By Pat Launer
Last year at this time, actor/singer/director Jordan Miller and his wife, actor/singer/musician Jessica Couto founded a La Mesa-based company, Theater for Young Professionals.
Their third production, the 2010 country/bluegrass musical, “The Burnt Part Boys,” is being staged at Moxie Theatre.
It’s set in 1962, in a West Virginia mining town, ten years after a mine collapse and fire killed a number of men, many of whom left behind young children.
Two brothers, Pete (Gavin August) and Jake (Asher Parsons) have pretty much raised themselves ever since, because in her grief, their mother withdrew into silence.
Jake’s friend Chet (Dylan August) also lost his dad, as did a runaway girl, Frances (Carissa Shelton), who now lives off the land in the woods. Only Pete’s best friend, Dusty (Scotty Atienza) was spared a parental loss, and he feels guilty about it.
When Pete finds out that, despite promises to the contrary, the mine is being reopened, and his brother is going back in where their father died and still remains (the area is now referred to as “the burnt part”), he’s determined to take matters into his own hands. He plans to blow up the place.
To spur on his bravery, Pete is visited by fully outfitted and aptly armed characters from his favorite movie, “The Alamo” — Davy Crockett, Sam Houston and Jim Bowie (all humorously played by Miller). The dead miner-fathers (Miller, David Humphrey, Christopher Lessen, Luis Sherlinee) also make forceful musical appearances. The tension and suspense build toward the end, and the future of all the kids is far from certain.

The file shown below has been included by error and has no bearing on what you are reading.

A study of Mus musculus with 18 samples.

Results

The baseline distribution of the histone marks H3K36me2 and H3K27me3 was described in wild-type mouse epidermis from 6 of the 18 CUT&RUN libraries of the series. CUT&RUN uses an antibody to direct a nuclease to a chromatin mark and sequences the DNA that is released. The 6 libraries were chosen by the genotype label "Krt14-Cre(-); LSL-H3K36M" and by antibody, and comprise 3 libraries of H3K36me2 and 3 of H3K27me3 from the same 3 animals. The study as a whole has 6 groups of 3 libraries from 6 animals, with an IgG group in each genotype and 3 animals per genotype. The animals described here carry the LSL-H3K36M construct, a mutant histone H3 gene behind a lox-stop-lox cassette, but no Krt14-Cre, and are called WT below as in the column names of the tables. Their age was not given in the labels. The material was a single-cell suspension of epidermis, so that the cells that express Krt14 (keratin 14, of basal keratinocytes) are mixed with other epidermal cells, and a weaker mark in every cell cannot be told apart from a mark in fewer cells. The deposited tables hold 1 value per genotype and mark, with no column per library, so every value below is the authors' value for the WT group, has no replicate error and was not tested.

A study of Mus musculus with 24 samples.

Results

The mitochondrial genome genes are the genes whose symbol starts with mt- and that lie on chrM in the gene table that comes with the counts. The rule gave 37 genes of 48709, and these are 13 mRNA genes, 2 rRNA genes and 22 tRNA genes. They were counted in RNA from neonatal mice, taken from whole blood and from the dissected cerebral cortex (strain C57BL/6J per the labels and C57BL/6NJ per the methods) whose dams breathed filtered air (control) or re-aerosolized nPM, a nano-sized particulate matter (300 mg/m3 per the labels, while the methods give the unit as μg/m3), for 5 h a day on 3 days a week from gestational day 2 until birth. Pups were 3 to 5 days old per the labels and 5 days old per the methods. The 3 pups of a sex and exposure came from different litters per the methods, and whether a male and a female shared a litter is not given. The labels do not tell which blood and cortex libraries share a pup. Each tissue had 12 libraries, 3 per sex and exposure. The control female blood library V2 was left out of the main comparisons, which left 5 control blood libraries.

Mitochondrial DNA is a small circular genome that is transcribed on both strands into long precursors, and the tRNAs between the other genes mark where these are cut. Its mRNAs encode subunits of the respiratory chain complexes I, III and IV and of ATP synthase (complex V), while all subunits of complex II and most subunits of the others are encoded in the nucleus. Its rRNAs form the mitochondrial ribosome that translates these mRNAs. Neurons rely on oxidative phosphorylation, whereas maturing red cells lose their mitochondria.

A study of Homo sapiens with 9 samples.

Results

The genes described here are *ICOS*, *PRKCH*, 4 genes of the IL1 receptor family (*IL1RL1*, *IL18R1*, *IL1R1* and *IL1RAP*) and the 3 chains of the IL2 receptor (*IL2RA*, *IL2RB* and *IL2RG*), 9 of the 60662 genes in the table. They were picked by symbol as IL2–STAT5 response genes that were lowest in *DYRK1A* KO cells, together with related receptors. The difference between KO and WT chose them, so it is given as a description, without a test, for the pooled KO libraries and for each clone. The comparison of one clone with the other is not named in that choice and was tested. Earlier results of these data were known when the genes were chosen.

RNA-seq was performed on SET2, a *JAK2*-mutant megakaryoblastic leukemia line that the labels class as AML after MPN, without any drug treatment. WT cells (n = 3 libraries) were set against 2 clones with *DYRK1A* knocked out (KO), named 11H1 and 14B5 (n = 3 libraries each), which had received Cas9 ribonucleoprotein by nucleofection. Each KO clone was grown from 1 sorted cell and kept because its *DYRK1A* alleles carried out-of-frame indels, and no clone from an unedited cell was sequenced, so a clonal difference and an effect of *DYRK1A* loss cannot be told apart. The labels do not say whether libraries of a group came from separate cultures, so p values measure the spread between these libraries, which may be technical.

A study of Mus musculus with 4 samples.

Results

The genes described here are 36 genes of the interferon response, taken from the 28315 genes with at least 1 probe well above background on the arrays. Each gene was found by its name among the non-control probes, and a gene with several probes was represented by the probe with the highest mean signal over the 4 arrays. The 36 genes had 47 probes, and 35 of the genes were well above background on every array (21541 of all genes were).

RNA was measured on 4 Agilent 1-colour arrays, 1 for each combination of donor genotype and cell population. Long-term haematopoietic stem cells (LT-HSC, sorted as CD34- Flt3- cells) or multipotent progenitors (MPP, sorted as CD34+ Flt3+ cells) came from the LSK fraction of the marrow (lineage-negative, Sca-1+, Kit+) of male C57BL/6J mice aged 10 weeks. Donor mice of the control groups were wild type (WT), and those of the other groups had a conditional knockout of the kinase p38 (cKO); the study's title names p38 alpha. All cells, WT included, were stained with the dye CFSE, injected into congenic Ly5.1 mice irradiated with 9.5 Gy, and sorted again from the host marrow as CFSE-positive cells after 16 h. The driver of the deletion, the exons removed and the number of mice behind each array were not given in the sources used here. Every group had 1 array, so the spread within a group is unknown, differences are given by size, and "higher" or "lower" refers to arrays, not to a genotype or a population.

In the new company, the adults serve as role models and mentors to the young actors, part of the commendable mission of TYP.
The musical they’ve chosen, with book by Mariana Elder, music by Chris Miller and lyrics by Nathan Tysen, could play rather static. But Jordan Miller, a skillful director and fight choreographer, aided by his limitless ingenuity, an onstage turntable, tree stumps and two wheeled ladders, keeps things and people moving, so interest never flags.
The professional six-piece band is excellent (music direction by Jessica Couto; band leader, Tony Atienza), but tends to overpower the young singers who, due to budget constraints, are not miked.
But everyone gives it their all (Atienza the younger even learned to play the saw with a bow for the production), and the characters are well defined, especially the youngest ones, robustly played by Shelton, Atienza and Gavin August, all displaying considerable moxie at Moxie.
The set (Miller), costumes (Couto), lighting (Brandon Rosen) and especially the evocative sound (16 year-old Catherine Tarlov, who also understudies the role of Frances) add considerable dimension to the production.
It will be fun to watch these young performers develop and hone their skills over time. (I’ve already seen Scotty and Gavin in professional productions). This new company is providing a wonderful proving-ground for all of them.
- The Theatre for Young Professionals production of “The Burnt Part Boys” runs through Dec. 1 at Moxie Theatre, 6663 El Cajon Blvd. near SDSU
- The remaining performances are Nov. 26 at 7 p.m., Nov. 27 at 7 p.m., Nov.29 at 7 p.m., Nov. 30 at 3 p.m. and 7 p.m., and Dec. 1 at 2 p.m.
- Tickets ($15-$25) are available at 646-241-4008 or www.typsandiego.org
- Running time: 2 hrs.
Pat Launer, a member of the American Theatre Critics Association, is a long-time San Diego arts writer and an Emmy Award-winning theater critic. An archive of her previews and reviews can be found at patlauner.com.